MELBOURNE -- For a while anyway, this match seemed destined for overtime.

After two extremely tight sets, No. 10 seed John Isner eventually pulled away, beating No. 18 Feliciano Lopez 6-7 (8), 7-6 (5), 6-2, 6-4 to reach the fourth round of the Australian Open.

Until the third set, Isner and Lopez had played five straight tiebreakers dating back to last season's Queen's Club encounter. In fact, 12 of their 21 career head-to-head sets to that point had been decided by tiebreakers.

Inspired by his clutch shot-making down the stretch of the second set, Isner broke Lopez three times in the last two frames.

Isner, who has won all 54 of his service games in Melbourne, did not face a break point Saturday. Fittingly, he finished the match with a 128 mph ace down the line, his 44th of the match, a tournament high and only seven shy of Joachim Johansson's Australian Open record.

To date, Isner has 101 aces in the tournament, 28 more than anyone else.

Now, for the first time in six years, Isner is into the fourth round at the Aussie Open.

"Yeah, it's a big win," Isner said. "It's a very tough opponent, especially for me, the way he plays. It certainly has given me trouble before in the past. Also been a little while since I've been in the round of 16 at this tournament. It feels great. I'm very relieved to get through, want to keep on going."

Isner, who had lost 10 of his last 11 Grand Slam matches versus seeded opponents, had opportunities to take the early lead but couldn't convert.

At 8-8 in a taut opening tiebreaker, Isner and Lopez engaged in a cat-and-mouse, 15-point rally, the longest of the match. It ended with Isner dumping a forehand into the net. On the next point, Isner ran around his backhand in favor of his stronger forehand, but the maneuver took him too far off the court. Lopez took advantage, sticking an easy slice crosscourt winner to secure the frame.

In the second-set tiebreaker, a terrific stab volley gave Isner the mini-break at 6-4. Two points later, a 135 mph missile out wide squared the match.

Isner then broke Lopez in the first game of the third set and rolled from there.

"Well, I wasn't happy after the first set, for sure," Isner said. "I was ticked off.

"My racket felt the brunt of that," he added with a smile.

"But I knew it was a lot of match to go. Again, obviously I was serving well. I was really just kind of tight and kind of wound up in that second set. The second set could have gone either way. That was definitely the turning point. I freed up and started playing so much better after that."

With the win, Isner has a potential schedule problem. He's from Greensboro, North Carolina, and his beloved Carolina Panthers host the Arizona Cardinals at 10:40 a.m. local time Monday -- the same day as Isner's fourth-round match.

"Maybe I'll go to the tournament desk and ask for a late start," Isner said. "I'm serious, actually. We'll see if I can get that done."

Isner, who will play David Ferrer, then said he needs to stay focused.

"Yeah, my last match in 2015, he beat me in Paris," Isner said of Ferrer. "I've got to play aggressive. I mean, he's going to want to get on top of that baseline and move me around all day. He's not going to get tired. We all know that.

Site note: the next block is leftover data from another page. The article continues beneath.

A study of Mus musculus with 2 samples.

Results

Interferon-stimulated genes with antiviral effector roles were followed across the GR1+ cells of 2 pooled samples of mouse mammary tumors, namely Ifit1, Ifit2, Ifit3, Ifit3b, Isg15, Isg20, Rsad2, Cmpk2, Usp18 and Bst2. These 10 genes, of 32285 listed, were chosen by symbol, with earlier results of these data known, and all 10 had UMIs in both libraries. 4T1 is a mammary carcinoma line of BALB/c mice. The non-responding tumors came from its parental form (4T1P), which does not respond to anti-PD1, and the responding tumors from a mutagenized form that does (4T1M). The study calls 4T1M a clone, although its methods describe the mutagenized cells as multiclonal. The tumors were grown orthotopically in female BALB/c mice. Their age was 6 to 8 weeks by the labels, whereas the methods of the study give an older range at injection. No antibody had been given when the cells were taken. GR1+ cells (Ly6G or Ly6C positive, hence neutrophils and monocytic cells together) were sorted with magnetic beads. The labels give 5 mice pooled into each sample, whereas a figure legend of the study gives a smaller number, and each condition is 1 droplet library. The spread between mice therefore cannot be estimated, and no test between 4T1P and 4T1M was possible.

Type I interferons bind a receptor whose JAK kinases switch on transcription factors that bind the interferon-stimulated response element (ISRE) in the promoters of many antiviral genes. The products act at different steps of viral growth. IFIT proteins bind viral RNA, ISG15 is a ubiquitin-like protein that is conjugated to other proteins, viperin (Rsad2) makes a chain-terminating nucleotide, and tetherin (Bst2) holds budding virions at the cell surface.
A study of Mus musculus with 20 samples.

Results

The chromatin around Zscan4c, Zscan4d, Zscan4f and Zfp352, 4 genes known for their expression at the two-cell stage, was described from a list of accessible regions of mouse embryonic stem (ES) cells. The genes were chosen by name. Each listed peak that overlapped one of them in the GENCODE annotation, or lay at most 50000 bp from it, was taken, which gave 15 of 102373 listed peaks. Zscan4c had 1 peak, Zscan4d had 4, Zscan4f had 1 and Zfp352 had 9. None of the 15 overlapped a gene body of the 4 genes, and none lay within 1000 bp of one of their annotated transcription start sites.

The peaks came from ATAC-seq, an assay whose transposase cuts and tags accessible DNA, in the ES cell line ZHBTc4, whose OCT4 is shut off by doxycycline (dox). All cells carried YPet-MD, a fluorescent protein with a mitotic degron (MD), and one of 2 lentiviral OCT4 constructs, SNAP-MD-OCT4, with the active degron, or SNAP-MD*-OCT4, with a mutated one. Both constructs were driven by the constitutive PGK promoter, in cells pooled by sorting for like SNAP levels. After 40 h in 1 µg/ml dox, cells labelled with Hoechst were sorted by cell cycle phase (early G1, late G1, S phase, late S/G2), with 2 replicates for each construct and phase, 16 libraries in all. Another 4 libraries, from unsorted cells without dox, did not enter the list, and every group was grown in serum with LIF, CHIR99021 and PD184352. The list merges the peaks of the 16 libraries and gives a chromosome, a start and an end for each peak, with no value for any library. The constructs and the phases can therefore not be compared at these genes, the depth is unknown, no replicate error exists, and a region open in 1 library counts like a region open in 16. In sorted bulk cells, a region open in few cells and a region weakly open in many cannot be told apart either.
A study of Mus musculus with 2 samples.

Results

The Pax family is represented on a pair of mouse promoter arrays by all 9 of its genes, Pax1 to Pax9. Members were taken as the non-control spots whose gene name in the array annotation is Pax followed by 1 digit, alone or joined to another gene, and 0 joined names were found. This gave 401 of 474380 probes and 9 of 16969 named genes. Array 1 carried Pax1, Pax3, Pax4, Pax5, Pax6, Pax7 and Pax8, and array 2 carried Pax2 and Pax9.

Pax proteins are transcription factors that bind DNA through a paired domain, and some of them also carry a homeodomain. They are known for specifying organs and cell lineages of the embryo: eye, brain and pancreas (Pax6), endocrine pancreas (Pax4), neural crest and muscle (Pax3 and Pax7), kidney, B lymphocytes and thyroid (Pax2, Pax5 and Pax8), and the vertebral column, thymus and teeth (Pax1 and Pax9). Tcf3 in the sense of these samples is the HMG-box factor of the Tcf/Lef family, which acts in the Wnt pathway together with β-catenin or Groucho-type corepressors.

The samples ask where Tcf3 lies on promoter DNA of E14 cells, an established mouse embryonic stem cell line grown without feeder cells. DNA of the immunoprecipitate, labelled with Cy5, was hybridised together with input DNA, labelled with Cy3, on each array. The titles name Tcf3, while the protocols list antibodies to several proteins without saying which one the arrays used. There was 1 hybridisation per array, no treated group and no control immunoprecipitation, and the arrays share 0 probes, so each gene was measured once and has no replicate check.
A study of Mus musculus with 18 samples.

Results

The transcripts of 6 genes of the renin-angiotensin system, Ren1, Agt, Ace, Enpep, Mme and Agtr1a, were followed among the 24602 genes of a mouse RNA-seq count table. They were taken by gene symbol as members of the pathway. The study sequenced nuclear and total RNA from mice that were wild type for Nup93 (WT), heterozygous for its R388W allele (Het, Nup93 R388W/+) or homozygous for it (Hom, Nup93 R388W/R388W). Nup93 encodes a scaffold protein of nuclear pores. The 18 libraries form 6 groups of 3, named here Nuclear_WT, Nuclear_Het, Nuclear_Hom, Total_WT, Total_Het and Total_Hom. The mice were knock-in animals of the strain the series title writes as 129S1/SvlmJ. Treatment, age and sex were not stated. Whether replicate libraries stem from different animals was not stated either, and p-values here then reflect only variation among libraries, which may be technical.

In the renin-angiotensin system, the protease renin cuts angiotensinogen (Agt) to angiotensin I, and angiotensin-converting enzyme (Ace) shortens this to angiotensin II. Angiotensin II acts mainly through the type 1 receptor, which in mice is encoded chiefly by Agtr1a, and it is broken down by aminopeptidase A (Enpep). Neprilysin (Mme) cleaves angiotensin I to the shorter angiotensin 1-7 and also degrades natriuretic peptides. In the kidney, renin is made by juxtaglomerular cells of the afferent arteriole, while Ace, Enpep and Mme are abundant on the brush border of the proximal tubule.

"I've got to go for my shots and try to keep the points shorter. Can't be having long, drawn-out rallies with him. I'm definitely not going to win the majority of those."

No. 4 Stan Wawrinka also advanced, beating Lukas Rosol 6-2, 6-3, 7-6 (3).

It was a routine victory for Wawrinka, who with 18 aces notched his 400th career match win.

Coming off a title at the Chennai Open, Wawrinka improved to 7-0 this season and has won all 16 of his sets.

Wawrinka's breakthrough major came here in 2014, when he stunned Rafael Nadal in the final. That season, he became the first player in 21 years to defeat the Nos. 1 and 2 seeds en route to a Grand Slam title.

With a French Open title last year, Wawrinka has two won majors in the past two seasons -- more than Andy Murray, Roger Federer and Nadal combined.

After the win against Rosol, Wawrinka entertained the Rod Laver Arena crowd with a lighthearted on-court interview.

On his neon pink ensemble: "This one is quite flashy. At least everyone can see me in the stadium."

On his raspy voice: "I've been OK the past few days. Maybe just a few too many cigars. If I talk, perhaps I talk too much s---, so perhaps it's better I don't."

Wawrinka next plays Milos Raonic, against whom he is 4-0.

Coming off a title in Brisbane to start the season, Raonic overwhelmed Viktor Troicki in just 1 hour, 46 minutes. Raonic finished the match with 37 winners and broke his Serbian opponent five times.

Raonic has yet to lose a set, but he was broken in the first game of the third, ending a streak of 41 straight holds.

At 7-0 this season, Raonic, 25, is growing in confidence by the day.

He dedicated Saturday's win to victims of a shooting in Canada that left four people dead and at least two injured. A gunman opened fire at the La Loche Community School in a remote aboriginal community in Saskatchewan and at a second location.

"Today, before I stepped out on court, it was a difficult day back home," he said, his voice sounding emotional at times. "Unfortunately, in Saskatchewan, in a very small community, there was a shooting at a high school, so I want to take a moment and give thoughts to that community, the family, the students and the school affected. We wish you all the best."

Information from The Associated Press was used in this report.